The challenge of energy efficiency projects: how to carry out renovations without indoor air problems?
The “Making municipalities’ energy efficiency viable” workshop in Helsinki brought together a large group of experts in the field, as well as representatives of municipalities and companies. One of the themes discussed at the workshop concerned combining energy efficiency projects with indoor air issues. The renovation of buildings so that indoor air quality remains good was
One of the themes discussed was combining energy efficiency and indoor air issues. The participants were divided into groups, and one group discussed how energy efficiency and other building maintenance issues affect each other, and how they can be best arranged so that they support each other.
According to Meliina Partio, who represented Lohja at the event, the city’s experience from earlier energy saving measures is that in some cases they have created mold problems in schools, which have only led to increased costs. One challenge, therefore, is how buildings can be renovated without worsening indoor air quality.
Another challenge for the city of Lohja is finding renovation projects that will deliver quick results, and have results in other fields in addition to energy conservation, such as health and well-being. Problems are also caused by, for example, deficiencies in the sharing of information, the monitoring of performance and the cooperation between different levels.
The discussion launched by Partio’s opening remarks suggests that there is a need for extensive research in order to reduce fears and prejudices, and to substantiate real causes of concern. In planning energy efficiency or renovation measures, it is important to look at the building as a whole.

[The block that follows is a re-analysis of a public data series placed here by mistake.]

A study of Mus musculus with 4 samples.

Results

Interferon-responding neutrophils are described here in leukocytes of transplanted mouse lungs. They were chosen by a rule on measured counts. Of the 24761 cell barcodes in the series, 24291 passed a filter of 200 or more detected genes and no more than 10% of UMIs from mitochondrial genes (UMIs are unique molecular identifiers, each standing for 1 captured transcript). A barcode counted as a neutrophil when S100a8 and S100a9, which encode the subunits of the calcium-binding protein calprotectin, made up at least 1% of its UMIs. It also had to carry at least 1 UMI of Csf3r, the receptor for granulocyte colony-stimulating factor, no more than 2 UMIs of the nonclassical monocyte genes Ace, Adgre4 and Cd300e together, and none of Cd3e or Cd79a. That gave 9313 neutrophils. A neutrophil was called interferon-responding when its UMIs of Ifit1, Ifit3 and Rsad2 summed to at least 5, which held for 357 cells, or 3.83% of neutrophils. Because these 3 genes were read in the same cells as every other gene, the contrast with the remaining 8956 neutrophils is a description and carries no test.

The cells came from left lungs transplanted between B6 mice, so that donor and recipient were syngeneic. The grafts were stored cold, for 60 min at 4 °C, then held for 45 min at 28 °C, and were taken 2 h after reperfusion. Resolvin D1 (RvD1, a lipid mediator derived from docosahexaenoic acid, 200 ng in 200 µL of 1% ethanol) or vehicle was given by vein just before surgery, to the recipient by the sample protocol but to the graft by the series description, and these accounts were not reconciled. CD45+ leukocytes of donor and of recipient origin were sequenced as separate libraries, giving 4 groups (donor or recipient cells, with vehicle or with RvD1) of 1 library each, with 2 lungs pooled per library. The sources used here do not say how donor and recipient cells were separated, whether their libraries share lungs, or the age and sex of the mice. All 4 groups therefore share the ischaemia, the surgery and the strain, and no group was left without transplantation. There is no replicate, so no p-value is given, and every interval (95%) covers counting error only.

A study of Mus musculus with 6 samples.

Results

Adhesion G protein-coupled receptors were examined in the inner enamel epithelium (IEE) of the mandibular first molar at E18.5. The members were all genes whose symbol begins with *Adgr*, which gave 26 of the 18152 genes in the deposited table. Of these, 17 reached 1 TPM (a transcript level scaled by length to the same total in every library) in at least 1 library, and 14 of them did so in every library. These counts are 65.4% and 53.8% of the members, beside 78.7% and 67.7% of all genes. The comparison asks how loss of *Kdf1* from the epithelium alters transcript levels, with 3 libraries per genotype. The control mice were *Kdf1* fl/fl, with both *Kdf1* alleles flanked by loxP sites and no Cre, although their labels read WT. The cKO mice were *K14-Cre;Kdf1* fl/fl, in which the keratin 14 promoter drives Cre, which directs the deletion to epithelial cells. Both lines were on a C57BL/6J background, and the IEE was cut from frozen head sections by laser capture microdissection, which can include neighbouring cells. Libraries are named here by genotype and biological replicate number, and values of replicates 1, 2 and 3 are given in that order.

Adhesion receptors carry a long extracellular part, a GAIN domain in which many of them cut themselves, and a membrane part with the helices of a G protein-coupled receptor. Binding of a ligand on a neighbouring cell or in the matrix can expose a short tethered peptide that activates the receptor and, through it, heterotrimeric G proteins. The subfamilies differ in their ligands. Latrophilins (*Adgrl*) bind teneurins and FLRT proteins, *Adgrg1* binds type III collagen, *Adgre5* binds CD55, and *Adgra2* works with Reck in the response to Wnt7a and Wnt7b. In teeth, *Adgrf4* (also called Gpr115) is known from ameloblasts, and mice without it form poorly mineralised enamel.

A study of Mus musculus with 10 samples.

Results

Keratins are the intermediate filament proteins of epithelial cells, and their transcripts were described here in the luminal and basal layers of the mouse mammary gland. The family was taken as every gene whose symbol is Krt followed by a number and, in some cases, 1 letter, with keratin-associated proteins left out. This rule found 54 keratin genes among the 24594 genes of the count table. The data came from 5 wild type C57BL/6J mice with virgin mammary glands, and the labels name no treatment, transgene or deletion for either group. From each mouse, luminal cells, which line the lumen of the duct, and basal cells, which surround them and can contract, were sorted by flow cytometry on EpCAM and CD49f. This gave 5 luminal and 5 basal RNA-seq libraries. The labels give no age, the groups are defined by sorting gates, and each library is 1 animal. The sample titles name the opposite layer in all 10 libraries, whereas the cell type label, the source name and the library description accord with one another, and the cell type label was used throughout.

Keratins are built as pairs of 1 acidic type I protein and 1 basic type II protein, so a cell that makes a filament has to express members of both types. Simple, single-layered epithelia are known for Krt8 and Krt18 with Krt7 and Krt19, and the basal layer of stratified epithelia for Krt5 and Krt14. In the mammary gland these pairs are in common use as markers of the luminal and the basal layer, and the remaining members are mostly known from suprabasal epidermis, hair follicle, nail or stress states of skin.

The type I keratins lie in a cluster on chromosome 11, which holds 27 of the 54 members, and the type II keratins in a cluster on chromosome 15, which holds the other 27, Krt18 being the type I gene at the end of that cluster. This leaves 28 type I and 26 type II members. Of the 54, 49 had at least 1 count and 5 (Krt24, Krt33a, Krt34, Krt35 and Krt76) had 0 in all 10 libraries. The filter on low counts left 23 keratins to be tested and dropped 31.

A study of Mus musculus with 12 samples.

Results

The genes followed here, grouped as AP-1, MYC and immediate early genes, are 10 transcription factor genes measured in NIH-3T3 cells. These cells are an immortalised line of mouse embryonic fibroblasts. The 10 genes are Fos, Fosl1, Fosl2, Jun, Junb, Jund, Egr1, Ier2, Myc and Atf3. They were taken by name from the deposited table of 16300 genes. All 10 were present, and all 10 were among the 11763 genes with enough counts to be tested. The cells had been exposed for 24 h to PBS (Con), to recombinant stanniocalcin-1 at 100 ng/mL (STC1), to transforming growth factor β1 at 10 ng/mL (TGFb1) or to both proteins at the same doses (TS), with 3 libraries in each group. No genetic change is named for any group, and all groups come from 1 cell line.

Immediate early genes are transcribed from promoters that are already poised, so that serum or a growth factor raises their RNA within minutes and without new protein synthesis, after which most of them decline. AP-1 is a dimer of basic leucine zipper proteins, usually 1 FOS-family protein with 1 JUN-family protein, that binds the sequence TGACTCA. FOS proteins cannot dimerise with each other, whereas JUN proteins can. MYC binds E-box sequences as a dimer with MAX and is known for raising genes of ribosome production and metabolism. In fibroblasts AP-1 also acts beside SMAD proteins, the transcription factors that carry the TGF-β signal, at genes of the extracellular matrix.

Energy efficiency cannot be improved without also examining how the changes will affect other parts of the building, such as ventilation. For example, a caulking carried out without considering the building as a whole can worsen existing problems. Today, the performance of structures is better known, which for its part helps prevent indoor air quality problems caused by renovations.
Jyrki Tenhunen from the Finnish Environment Institute mentioned that digitalisation has created new possibilities for monitoring indoor air quality. Today, technology related to indoor air quality is even relatively cheap. However, monitoring the amount of carbon dioxide and humidity is not sufficient. Also other measurements are needed. It is, for example, sensible to monitor VOC values.
The working group also discussed whether we should completely discard natural ventilation. From the perspective of energy efficiency, mechanical ventilation with heat recovery is seen as a good alternative as long as it is carried out well. Switching off ventilation when the building is not being used because of energy efficiency has also been found to cause problems. As a result, some municipalities, such as Jyväskylä, have instructed that ventilation must not be completely switched off in municipality buildings.
On the other hand, it was estimated that the same mistakes as before are still being made in construction. Sharing information is important in this respect. Construction mistakes of previous decades have been listed, for example, on the website hometalkoot.fi. Good practices, on the other hand, have been shared on the energialoikka.fi portal.